Trump’s legal team had sought to throw out more than a half dozen of the 41 counts in the indictment, which accuses the former commander in chief of illegally hoarding classified documents from his presidency and conspiring with others to conceal sensitive files from the federal government. 

The defendants had challenged counts related to obstruction and false statements, but U.S. District Judge Aileen Cannon issued an order Monday saying that ‘the identified deficiencies, even if generating some arguable confusion, are either permitted by law, raise evidentiary challenges not appropriate for disposition at this juncture, and/or do not require dismissal even if technically deficient, so long as the jury is instructed appropriately and presented with adequate verdict forms as to each Defendants’ alleged conduct.’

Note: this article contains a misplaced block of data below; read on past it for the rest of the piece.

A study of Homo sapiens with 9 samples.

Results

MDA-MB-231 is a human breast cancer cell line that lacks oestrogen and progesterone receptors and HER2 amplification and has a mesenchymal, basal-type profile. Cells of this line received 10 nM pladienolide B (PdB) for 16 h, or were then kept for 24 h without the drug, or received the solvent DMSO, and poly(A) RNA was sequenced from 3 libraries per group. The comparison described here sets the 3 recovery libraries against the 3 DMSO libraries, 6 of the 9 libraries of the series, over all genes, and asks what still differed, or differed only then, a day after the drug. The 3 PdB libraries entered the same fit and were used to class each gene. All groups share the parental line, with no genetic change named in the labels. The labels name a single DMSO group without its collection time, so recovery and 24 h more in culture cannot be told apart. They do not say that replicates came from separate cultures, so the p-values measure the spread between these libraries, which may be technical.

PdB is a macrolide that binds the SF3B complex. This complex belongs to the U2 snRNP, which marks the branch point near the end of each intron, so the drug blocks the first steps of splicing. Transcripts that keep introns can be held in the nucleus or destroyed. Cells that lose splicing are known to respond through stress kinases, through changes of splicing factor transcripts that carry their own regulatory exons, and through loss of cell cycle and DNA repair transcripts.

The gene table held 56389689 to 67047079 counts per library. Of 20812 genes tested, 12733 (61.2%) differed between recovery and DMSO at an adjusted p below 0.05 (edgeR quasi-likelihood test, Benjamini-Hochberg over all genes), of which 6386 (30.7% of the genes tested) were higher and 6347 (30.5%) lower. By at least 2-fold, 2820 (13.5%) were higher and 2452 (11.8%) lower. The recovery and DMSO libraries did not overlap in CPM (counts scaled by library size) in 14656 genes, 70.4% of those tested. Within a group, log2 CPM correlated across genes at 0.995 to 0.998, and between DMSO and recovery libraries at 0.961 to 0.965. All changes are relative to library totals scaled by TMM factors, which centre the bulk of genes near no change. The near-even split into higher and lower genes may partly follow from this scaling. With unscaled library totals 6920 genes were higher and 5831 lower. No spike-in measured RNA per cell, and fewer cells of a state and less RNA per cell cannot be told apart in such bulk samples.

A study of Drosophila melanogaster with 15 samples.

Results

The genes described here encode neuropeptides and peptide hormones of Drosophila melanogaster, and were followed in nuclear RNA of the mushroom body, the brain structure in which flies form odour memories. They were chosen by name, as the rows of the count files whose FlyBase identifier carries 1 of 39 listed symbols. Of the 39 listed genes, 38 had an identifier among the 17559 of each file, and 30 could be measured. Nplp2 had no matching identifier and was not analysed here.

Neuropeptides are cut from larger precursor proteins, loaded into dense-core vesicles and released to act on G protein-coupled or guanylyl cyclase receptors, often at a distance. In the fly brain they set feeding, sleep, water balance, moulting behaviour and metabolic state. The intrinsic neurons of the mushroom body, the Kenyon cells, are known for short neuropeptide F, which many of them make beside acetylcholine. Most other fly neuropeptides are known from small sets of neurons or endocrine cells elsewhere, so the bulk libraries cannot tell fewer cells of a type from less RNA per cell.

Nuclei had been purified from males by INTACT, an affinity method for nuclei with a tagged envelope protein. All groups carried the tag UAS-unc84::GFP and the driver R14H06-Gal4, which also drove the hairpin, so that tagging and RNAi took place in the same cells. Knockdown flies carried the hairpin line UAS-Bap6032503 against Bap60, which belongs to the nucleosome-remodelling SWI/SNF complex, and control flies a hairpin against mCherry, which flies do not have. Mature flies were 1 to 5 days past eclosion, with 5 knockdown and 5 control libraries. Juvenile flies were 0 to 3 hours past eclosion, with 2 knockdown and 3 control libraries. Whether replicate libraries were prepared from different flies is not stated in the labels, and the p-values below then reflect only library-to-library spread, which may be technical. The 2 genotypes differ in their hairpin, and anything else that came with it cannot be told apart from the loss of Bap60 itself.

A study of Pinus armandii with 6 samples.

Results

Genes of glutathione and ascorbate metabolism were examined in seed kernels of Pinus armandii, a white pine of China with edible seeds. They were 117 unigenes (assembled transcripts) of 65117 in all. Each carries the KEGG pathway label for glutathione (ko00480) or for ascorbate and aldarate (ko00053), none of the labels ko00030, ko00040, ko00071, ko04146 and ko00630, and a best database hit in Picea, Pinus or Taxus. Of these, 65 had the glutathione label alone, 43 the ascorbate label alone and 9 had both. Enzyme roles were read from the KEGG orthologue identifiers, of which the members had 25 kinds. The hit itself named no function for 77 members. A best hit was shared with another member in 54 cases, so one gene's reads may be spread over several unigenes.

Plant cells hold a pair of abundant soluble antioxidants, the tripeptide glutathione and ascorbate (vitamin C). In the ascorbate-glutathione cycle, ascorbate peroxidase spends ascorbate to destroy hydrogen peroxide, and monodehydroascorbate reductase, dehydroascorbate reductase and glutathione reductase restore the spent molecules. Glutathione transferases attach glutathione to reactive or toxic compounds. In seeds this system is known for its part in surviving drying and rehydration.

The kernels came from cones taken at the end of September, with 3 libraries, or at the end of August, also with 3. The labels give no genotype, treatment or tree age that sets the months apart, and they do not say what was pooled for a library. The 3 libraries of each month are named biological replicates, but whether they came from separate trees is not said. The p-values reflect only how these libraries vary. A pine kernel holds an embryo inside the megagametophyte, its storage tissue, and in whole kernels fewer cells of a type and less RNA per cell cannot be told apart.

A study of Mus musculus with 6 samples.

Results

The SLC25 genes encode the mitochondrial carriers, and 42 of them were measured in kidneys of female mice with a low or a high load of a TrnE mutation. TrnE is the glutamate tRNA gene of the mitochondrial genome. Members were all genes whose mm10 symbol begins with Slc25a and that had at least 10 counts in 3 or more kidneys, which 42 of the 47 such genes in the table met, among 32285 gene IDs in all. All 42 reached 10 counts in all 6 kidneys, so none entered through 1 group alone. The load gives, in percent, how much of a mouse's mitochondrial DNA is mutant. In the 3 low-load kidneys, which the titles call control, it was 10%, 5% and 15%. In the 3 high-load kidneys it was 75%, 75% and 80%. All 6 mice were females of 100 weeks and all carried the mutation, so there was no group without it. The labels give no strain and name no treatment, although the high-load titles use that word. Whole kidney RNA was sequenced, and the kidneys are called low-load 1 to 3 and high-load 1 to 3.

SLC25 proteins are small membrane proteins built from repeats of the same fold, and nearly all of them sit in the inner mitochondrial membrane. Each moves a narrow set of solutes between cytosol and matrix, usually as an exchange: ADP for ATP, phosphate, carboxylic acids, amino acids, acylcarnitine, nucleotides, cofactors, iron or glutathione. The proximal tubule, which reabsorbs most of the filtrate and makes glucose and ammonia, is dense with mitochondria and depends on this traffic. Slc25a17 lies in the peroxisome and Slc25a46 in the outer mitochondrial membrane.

Cannon did, however, agree to strike down a paragraph from the indictment that defense lawyers argued was prejudicial information that was not essential to the underlying charges.

Cannon has rejected multiple other motions already to dismiss the case, including one that suggested that the Presidential Records Act authorized Trump to keep the documents with him after he left the White House and to designate them as his personal files.

Monday’s motion to dismiss the half dozen counts in the indictment is one of multiple pretrial requests and disputes that for months have piled up before Cannon, slowing the progress of the case and delaying the trial. 

Additional arguments are scheduled for later this month.

The Associated Press contributed to this report.